Prudence Pitch

13:12 09/10/2019 |


(Tech) At each timestep, their agent had to decide which skill to use and what arguments to use for it. Despite the complexity involved, the team says that their approach yielded improvements in learning efficiency, such that manipulation skills could be discovered within only a few hours of training.



The team’s key insight was that for many tasks, the learning process could be split into two parts: (1) learning a task schema and (2) learning a policy that chooses appropriate parameterizations for the different skills. They assert that this approach leads to faster learning, in part because data from different versions of a given task could be used to improve shared skills. Moreover, they say it allowed for the transfer of learned schemas among related tasks.

The researchers gave the aforementioned two robotic arms a generic library of skills such as twisting, lifting, and reaching, which they had to apply to several lateral lifting, picking, opening, and rotating tasks involving varying objects, geometries, and initial poses. The schemas were learned in MuJoCo (a simulation environment) by training with low-dimensional input data like geometric and proprioceptive features (joint positions, joint velocities, end effector pose), and then transferred to visual inputs both in simulation as well as in the real world.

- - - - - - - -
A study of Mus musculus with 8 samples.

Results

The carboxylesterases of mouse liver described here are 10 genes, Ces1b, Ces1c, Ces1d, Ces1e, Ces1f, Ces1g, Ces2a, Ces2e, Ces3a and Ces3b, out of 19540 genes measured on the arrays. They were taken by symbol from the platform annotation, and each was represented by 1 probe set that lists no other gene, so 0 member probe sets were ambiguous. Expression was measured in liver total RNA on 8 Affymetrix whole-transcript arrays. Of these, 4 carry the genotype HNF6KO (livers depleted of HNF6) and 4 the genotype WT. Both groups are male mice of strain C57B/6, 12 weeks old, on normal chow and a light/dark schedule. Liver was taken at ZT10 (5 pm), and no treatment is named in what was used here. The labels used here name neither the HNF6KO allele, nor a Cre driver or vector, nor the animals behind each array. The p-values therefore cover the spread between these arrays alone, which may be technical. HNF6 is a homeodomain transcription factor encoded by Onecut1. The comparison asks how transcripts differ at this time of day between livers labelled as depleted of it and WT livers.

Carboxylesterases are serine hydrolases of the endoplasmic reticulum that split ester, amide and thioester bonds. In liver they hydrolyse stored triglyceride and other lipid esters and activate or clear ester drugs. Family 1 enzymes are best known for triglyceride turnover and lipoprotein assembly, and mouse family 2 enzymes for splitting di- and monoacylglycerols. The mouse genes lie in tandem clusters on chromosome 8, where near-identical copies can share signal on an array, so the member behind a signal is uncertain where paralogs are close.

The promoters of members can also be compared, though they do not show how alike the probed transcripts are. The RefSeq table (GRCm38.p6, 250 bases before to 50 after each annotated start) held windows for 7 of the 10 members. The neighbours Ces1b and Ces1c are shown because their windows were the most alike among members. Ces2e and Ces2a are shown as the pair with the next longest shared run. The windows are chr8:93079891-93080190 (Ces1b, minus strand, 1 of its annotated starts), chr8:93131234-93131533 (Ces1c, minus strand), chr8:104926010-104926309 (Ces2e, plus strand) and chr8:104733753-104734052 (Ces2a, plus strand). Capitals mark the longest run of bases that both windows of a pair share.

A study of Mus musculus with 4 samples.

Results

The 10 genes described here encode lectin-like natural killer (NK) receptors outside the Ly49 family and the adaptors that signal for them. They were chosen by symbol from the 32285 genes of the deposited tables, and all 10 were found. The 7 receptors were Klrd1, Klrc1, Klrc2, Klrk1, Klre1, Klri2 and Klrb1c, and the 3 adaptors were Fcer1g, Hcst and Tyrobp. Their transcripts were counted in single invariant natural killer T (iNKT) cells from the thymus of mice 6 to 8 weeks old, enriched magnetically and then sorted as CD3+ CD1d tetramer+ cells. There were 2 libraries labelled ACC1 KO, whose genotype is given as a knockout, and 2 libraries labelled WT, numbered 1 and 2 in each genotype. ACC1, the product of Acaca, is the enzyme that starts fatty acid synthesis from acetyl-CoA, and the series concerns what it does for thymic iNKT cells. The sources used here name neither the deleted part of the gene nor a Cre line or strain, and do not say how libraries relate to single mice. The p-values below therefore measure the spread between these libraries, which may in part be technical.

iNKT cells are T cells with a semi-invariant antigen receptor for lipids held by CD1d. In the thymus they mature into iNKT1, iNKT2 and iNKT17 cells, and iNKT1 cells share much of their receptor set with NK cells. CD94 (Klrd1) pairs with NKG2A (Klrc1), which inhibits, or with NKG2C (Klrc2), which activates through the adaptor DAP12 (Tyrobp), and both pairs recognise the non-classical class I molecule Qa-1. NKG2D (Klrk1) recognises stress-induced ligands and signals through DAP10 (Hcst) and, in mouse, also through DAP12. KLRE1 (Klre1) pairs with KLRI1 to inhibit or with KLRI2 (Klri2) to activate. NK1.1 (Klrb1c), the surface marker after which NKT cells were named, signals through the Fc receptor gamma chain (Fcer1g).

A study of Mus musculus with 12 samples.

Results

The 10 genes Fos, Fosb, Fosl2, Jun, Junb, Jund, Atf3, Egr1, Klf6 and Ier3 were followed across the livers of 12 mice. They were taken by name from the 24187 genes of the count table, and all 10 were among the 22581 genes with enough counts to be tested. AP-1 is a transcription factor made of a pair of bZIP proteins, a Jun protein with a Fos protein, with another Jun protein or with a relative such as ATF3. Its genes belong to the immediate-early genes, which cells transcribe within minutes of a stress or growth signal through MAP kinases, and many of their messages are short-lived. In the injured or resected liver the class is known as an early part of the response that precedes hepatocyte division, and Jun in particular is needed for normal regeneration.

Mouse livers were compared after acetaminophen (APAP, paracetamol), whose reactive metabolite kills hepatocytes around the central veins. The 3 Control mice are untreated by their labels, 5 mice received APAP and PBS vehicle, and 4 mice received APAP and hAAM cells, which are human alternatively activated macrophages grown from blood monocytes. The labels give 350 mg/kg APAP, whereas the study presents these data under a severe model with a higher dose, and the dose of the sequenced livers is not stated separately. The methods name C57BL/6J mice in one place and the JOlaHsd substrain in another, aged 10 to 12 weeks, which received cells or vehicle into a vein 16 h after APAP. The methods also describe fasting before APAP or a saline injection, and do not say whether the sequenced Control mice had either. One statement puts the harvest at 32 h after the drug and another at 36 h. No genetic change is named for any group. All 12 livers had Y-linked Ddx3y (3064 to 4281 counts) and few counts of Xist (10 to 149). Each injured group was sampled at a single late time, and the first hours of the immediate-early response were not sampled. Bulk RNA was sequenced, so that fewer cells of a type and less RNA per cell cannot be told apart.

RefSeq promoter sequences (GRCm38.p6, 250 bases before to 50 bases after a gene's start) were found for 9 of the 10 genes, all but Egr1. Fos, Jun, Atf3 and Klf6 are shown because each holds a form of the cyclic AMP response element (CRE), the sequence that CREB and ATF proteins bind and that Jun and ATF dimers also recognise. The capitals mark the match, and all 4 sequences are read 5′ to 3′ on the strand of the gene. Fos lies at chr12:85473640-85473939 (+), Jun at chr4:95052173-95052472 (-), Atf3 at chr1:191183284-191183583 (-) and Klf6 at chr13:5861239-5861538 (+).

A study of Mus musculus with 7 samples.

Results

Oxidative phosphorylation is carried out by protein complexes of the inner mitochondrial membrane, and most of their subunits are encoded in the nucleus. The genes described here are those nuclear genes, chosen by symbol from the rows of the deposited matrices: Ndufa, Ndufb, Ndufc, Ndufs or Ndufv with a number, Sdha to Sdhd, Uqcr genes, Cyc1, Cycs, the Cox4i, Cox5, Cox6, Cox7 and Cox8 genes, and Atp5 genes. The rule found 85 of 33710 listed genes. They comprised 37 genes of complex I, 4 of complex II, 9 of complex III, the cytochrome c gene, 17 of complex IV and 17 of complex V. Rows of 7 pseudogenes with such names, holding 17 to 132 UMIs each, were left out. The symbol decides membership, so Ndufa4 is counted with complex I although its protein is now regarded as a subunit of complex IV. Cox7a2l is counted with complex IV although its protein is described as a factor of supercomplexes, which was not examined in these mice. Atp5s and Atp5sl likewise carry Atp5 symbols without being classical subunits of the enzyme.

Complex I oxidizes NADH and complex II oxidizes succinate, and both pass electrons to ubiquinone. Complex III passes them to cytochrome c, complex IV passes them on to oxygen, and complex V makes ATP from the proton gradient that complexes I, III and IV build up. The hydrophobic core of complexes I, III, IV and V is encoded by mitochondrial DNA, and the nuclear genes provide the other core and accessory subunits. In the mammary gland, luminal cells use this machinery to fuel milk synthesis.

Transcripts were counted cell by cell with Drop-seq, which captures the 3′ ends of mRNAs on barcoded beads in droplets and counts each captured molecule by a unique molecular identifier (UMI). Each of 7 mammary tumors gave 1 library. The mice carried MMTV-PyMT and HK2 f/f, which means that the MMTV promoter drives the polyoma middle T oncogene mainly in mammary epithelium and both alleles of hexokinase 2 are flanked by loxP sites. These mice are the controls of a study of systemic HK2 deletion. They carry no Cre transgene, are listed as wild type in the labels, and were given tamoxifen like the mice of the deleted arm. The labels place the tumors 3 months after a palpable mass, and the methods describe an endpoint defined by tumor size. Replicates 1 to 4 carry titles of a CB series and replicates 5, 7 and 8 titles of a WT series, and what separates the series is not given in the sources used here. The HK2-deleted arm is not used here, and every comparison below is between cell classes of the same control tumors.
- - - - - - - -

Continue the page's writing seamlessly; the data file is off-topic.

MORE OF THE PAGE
During experiments, the Sawyer arms which were equipped with cameras and controlled by Facebook’s PyRobot open source robotics platform, were tasked with manipulating nine household objects (such as a rolling pin, soccer ball, glass jar, and T-wrench) that required two parallel-jaw grippers to interact with. Despite having to learn from raw visual images, they say that the system learned to manipulate most items using 2,000 skills with over 90% success in around 4-10 hours of training.